Wood Door Finishes

Last year, while updating our wood door specifications, I became a little confused while trying to figure out the finish systems specified in AWI/AWS and WDMA standards. In the past I had specified wood doors using AWI standards, but after investigating the relevant standards, I changed our wood door specifications to use the WDMA standards because they are more specific to wood doors. However, because some literature refers to AWI and some to AWS standards, and some refers to current standards while others refer to old ones, I created a conversion table so I don’t have to go back to the standards whenever we get shop drawings.

Standards of the Architectural Woodwork Institute (AWI) and the Wood Door Manufacturer’s Association (WDMA) have been similar for a long time, and in most cases, a door that meets Premium Grade standards for one will meet them for the other. Perhaps the most important exception is face veneer grades, but I'm going to limit this discussion to finish standards.


Architectural Woodwork Institute (AWI)
The AWI Quality Standards, 7th Edition, issued in 1999, had a table of finishes with designations like TR-1 and OP-3. Each numeric code corresponded with a type of finish, e.g., catalyzed lacquer, and the prefix indicated transparent or opaque.

The 8th Edition, issued in 2005, contained major changes to the table. The convenient type designators were eliminated and finishes were referred to by names. The order of finishes also changed, with the former TR-0 system moved, to between what had been TR/OP-4 and TR/OP-5. The system table was prefaced with this note: “This table does not represent all possible top coats. Other options will be found in the text on the following pages.” However, it appears from those pages that the main difference was splitting one category into two sub-categories.

In 2009, AWI joined forces with the Woodwork Institute (WI) and the Architectural Woodwork Manufacturers Association of Canada (AWMAC), and the three organizations produced the Architectural Woodwork Standards (AWS) Edition 1.

The new finish table has thirteen finish systems. The systems are the same as before, but only one of the designators is the same as those used in 1999. The rest increase by one or more numbers as old systems were split into two new ones. For example, the 1999 catalyzed lacquer became pre-catalyzed lacquer and post-catalyzed lacquer.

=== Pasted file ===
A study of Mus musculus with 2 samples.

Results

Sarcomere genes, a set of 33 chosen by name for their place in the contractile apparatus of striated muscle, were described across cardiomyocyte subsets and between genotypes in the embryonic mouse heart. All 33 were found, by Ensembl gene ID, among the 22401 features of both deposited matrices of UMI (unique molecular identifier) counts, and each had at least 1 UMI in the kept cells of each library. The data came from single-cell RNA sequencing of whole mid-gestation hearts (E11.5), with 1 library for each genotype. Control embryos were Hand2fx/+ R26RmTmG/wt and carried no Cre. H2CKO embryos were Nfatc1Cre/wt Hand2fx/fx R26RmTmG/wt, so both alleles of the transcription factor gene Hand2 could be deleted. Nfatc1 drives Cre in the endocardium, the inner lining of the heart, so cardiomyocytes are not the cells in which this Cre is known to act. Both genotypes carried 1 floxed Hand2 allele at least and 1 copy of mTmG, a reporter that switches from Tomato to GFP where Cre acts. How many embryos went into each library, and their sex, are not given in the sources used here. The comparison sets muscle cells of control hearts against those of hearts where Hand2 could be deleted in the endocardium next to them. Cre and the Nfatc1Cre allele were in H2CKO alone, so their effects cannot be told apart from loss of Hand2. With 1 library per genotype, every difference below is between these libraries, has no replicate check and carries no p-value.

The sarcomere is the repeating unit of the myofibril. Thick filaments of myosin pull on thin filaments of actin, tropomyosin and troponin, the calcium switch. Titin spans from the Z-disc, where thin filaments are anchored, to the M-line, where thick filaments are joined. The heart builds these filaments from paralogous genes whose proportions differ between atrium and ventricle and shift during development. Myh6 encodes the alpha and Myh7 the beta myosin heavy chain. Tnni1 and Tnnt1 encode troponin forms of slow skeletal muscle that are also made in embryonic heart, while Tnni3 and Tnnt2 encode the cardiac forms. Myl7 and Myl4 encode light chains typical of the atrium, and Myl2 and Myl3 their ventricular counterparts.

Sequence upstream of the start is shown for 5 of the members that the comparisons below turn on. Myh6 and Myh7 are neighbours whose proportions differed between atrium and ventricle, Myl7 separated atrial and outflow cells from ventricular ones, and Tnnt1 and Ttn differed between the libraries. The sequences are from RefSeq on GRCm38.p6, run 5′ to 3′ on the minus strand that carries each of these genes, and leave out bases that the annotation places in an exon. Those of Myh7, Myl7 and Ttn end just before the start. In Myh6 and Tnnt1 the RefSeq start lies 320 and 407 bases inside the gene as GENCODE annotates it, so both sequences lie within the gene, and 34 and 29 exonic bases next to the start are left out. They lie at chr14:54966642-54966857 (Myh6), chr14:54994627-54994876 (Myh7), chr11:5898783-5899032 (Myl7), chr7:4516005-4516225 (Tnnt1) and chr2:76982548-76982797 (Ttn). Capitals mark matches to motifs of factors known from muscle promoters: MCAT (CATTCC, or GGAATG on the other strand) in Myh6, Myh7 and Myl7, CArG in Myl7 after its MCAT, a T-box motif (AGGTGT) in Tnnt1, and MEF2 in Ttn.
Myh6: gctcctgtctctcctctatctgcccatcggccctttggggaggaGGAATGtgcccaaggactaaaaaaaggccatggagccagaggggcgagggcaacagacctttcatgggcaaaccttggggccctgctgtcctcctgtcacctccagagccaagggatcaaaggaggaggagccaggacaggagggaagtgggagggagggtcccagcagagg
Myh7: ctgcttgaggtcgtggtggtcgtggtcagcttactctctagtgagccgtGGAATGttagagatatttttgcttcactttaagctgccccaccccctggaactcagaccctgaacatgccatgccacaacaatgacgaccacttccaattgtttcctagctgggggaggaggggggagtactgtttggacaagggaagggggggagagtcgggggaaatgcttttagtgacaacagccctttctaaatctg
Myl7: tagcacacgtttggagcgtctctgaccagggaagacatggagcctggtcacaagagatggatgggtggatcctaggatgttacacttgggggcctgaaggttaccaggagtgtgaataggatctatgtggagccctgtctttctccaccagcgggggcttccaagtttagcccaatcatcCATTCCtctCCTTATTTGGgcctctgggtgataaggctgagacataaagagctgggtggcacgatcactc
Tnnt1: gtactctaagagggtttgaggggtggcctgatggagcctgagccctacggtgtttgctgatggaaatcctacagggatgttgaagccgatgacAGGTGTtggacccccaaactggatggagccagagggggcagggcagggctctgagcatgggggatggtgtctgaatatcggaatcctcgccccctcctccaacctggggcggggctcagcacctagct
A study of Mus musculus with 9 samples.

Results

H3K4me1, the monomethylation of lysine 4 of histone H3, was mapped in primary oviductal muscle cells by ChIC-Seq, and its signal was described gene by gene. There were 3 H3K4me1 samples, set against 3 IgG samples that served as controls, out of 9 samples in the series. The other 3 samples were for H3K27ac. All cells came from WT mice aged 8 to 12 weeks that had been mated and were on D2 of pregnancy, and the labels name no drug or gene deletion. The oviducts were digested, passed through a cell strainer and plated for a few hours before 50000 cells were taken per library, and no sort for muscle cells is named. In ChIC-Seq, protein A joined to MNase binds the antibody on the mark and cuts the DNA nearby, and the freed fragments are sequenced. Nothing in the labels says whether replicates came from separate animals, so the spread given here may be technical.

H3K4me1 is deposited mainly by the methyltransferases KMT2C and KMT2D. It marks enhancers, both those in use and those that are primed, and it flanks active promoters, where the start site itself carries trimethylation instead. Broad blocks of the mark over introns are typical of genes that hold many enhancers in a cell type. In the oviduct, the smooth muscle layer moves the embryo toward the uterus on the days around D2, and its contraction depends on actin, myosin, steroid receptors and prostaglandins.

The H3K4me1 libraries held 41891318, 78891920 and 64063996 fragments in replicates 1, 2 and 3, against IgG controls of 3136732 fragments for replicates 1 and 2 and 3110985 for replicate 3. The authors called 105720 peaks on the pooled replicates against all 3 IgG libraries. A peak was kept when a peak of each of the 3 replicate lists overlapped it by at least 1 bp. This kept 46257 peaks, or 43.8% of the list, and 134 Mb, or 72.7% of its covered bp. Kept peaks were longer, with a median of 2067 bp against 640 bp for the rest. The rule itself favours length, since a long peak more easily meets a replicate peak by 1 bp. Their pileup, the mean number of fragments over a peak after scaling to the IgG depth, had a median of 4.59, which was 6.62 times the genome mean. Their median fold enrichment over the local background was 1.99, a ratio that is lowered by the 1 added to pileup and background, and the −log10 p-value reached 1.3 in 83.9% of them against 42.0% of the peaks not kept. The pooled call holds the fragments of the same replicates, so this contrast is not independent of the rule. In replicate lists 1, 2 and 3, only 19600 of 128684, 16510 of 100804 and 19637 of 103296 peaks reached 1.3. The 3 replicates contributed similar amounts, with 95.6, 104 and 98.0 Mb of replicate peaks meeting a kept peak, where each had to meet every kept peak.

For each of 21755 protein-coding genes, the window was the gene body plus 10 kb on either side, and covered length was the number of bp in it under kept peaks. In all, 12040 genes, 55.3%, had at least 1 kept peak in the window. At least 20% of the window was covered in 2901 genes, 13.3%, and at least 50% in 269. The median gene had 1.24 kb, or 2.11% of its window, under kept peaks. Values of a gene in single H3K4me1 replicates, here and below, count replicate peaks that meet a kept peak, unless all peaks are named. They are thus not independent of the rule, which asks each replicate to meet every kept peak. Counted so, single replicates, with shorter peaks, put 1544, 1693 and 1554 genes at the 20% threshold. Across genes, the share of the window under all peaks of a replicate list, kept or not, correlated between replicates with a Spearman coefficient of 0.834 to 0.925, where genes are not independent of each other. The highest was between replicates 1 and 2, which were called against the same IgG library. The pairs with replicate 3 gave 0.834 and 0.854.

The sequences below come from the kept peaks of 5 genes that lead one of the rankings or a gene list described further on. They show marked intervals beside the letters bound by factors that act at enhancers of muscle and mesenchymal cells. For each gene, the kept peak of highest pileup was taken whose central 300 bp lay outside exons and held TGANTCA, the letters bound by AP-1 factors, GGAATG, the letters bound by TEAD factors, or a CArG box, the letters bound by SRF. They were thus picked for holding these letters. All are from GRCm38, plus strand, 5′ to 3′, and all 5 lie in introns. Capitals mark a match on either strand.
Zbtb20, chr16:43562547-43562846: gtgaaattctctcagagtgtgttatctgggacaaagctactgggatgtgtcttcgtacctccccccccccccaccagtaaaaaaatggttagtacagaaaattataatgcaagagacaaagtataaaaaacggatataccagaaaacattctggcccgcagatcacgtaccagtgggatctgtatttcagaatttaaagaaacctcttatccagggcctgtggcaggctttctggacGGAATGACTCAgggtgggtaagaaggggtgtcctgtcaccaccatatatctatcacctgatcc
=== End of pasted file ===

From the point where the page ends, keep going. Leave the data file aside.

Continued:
National Wood Door Manufacturers Association
The 2004 WDMA describes sixteen finishes. All of them, with one exception, appear to be identical to those in the 1999 AWI standards. In addition to brief descriptions, they have extended information for the three types of finishes that are most often used by door manufacturers: TR/OP-2 pre-catalyzed lacquer, TR/OP-4 conversion varnish, and TR/OP-6 catalyzed polyurethane.

I have all of the AWI/AWS standards referred to above, but I have only the current WDMA standards, so I cannot comment on the history of WDMA standards.

Finish System Properties
To make things even more interesting, the method of evaluating system properties has not been consistent. All of the performance tables use a 1 to 5 rating scale to rate various characteristics such as repairability and chemical resistance. All of the evaluation criteria rank 1 as low and 5 as high, except for the 1999 AWI standards, in which 1 is excellent and 5 is poor. The advantages of starting with 1 at the low end are obvious - total scores can determined by simply summing the scores of individual characteristics - and the new AWS standards again use that method of scoring.

Finish System Comparison
Assuming wood door manufacturers most often use one of three finish systems, let's look just at those.
The overall performance scores of the three finishes increase from left to right, the notable exception being repairability, where the order is reversed. In simple terms, the higher the performance of a finish system, the harder it is to repair, which makes sense.

The chemical resistance performance also increases from left to right, with respective scores of 86, 114, and 118. The differences between conversion varnish and catalyzed polyurethane are a marked increase in resistance to 77% sulfuric acid and a small difference in resistance to 10% TSP, both in favor of catalyzed polyurethane.

I sent these findings to both AWS and WDMA representatives, and was told that my conclusions are correct. The WDMA added that the system most often specified is TR/OP 6 - Catalyzed Polyurethane, which provides the highest performance properties of production finishes, and that they normally are roll coated using a high solids, VOC free material, then cured by an ultraviolet (UV) process.

WDMA also indicated that they are updating their standards, and one of the areas being addressed is the finishes section. Look for new standards to be issued in the fall of 2010.